I haven't figured out why Americans call that football.
Unfortunately, referee errors in football can be extremely costly because games are often decided by a single goal.
In basketball, for instance, an error by a referee may cost one or two points.
In football, an error may cost a goal or make a team play outnumbered for half a game.
Other professional sports such as basketball, rugby, futsal, and ice hockey have already evolved to deal with these situations.
It turned moral with the release of the video of Ray Rice knocking his fiancée cold in an elevator, with Greg Hardy awaiting his appeal on charges of domestic abuse, with the angry red stripes crossing the thighs of Adrian Peterson's four-year-old son, and with the unsurprising revelation that the Tallahassee police hadn't fully investigated the accusation that Jameis Winston had raped a Florida State student the season he won his Heisman Trophy and led the Seminoles to a national championship.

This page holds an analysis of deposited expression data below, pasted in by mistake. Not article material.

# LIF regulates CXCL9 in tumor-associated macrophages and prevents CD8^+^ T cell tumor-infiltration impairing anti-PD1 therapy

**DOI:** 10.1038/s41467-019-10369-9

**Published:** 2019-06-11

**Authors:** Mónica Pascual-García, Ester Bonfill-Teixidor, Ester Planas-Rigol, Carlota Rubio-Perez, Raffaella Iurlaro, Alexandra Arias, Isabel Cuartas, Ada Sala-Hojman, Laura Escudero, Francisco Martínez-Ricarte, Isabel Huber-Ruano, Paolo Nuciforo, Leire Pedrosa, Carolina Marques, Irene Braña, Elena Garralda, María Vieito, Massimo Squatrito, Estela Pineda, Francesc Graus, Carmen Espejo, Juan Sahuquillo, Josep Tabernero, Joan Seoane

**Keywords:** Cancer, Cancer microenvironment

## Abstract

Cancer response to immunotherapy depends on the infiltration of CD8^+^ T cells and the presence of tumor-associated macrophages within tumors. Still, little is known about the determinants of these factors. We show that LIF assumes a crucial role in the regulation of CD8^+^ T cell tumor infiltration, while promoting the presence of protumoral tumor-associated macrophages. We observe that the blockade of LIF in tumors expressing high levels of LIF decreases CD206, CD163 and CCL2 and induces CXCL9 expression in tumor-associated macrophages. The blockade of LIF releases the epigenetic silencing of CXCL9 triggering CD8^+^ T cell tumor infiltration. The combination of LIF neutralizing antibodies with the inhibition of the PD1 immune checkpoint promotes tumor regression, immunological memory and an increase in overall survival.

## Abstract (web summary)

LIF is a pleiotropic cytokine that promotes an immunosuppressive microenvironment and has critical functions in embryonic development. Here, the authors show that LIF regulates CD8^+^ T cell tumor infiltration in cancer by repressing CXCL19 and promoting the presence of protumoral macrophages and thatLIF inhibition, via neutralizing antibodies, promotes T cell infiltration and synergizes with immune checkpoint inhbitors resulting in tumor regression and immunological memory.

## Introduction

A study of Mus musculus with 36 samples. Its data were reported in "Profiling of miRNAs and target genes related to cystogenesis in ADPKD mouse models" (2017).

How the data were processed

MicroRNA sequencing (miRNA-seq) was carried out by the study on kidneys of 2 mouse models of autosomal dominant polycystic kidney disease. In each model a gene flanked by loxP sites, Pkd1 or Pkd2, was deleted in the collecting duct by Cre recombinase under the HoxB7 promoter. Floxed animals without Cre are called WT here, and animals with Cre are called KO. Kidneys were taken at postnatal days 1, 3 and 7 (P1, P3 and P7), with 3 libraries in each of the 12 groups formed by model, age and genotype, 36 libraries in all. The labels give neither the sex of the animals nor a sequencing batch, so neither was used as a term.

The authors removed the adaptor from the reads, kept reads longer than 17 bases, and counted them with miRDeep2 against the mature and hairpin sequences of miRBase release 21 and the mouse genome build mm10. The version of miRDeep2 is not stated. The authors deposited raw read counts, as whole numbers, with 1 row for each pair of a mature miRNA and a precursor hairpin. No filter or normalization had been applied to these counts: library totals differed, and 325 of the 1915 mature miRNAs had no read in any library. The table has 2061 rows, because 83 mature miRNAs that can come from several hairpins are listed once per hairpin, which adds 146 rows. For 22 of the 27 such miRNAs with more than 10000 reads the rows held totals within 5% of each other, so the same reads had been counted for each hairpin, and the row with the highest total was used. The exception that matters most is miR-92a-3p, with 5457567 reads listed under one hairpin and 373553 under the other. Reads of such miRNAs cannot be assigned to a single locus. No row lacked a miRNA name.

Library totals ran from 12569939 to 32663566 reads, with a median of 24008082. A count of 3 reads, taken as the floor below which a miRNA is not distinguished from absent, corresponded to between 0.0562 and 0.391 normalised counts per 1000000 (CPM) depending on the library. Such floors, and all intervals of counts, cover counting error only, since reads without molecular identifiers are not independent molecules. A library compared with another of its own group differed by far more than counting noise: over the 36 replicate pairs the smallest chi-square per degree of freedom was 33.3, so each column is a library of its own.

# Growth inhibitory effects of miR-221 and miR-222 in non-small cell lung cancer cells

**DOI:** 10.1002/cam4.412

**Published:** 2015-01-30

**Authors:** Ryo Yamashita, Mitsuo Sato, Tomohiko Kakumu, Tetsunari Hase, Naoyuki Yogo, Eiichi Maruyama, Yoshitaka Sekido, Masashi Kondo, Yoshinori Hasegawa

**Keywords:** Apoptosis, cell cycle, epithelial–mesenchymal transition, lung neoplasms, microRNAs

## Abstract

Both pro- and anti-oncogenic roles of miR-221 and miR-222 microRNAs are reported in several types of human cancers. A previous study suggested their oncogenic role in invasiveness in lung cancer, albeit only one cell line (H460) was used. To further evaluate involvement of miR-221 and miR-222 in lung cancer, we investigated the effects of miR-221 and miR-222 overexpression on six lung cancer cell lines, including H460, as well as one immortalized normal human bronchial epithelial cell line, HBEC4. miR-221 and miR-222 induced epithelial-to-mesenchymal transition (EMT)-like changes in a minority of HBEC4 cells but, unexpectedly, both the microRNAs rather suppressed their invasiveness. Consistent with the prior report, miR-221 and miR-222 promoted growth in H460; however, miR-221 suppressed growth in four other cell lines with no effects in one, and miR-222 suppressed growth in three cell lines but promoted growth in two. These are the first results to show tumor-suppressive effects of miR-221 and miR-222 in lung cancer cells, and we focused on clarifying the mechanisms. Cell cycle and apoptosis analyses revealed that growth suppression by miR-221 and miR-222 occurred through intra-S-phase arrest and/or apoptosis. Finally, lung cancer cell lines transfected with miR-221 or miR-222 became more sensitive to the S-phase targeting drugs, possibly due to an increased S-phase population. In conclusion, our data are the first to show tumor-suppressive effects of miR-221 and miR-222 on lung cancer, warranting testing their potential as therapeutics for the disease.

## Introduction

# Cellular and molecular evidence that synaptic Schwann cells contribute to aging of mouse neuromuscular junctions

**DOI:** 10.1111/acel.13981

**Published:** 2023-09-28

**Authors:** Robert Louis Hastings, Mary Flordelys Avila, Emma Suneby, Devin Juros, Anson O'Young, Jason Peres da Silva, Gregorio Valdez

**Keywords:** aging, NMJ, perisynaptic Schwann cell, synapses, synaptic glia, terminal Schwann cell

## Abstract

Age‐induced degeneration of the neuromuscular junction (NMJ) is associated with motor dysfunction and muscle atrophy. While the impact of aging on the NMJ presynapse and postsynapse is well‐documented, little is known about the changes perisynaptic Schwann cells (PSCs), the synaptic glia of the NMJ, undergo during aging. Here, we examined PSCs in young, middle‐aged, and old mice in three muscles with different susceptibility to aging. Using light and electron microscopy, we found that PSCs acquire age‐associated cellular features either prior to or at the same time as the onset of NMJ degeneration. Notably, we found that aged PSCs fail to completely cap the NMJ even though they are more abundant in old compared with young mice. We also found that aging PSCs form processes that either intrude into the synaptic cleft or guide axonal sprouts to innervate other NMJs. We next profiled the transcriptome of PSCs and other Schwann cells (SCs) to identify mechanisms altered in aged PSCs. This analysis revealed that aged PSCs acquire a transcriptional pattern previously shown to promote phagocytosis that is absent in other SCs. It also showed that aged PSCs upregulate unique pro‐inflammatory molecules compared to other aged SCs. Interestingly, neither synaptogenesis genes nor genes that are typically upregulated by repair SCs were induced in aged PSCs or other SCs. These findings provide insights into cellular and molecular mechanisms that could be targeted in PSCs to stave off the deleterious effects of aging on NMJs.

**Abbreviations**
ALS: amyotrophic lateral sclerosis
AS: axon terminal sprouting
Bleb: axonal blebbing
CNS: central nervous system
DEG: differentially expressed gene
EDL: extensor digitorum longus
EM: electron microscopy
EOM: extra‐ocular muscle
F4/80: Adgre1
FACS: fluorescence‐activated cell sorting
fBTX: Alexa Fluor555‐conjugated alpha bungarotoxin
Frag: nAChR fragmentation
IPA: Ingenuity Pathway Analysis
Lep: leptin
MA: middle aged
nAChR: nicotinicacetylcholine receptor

It wasn't enough that football endangered bodies; now it endangered the souls of those who played it, and even the game's climactic spectacle—a grand, cathartic Super Bowl—labored under accusations that Tom Brady and the New England Patriots had cheated in order to get there.
There is, however, another explanation for the persistence of our love affair with football, despite its dicey reputation and the moral costs of our patronage.
Indeed, far from defying explanation, football's continued popularity rests on an explanation so simple that it borders on simplistic: We tolerate what happens off the field because of what happens on the field.
Therefore, the rules are designed to punish harshly or barely punish at all.
This would not be such a big problem if rules were strongly enforced.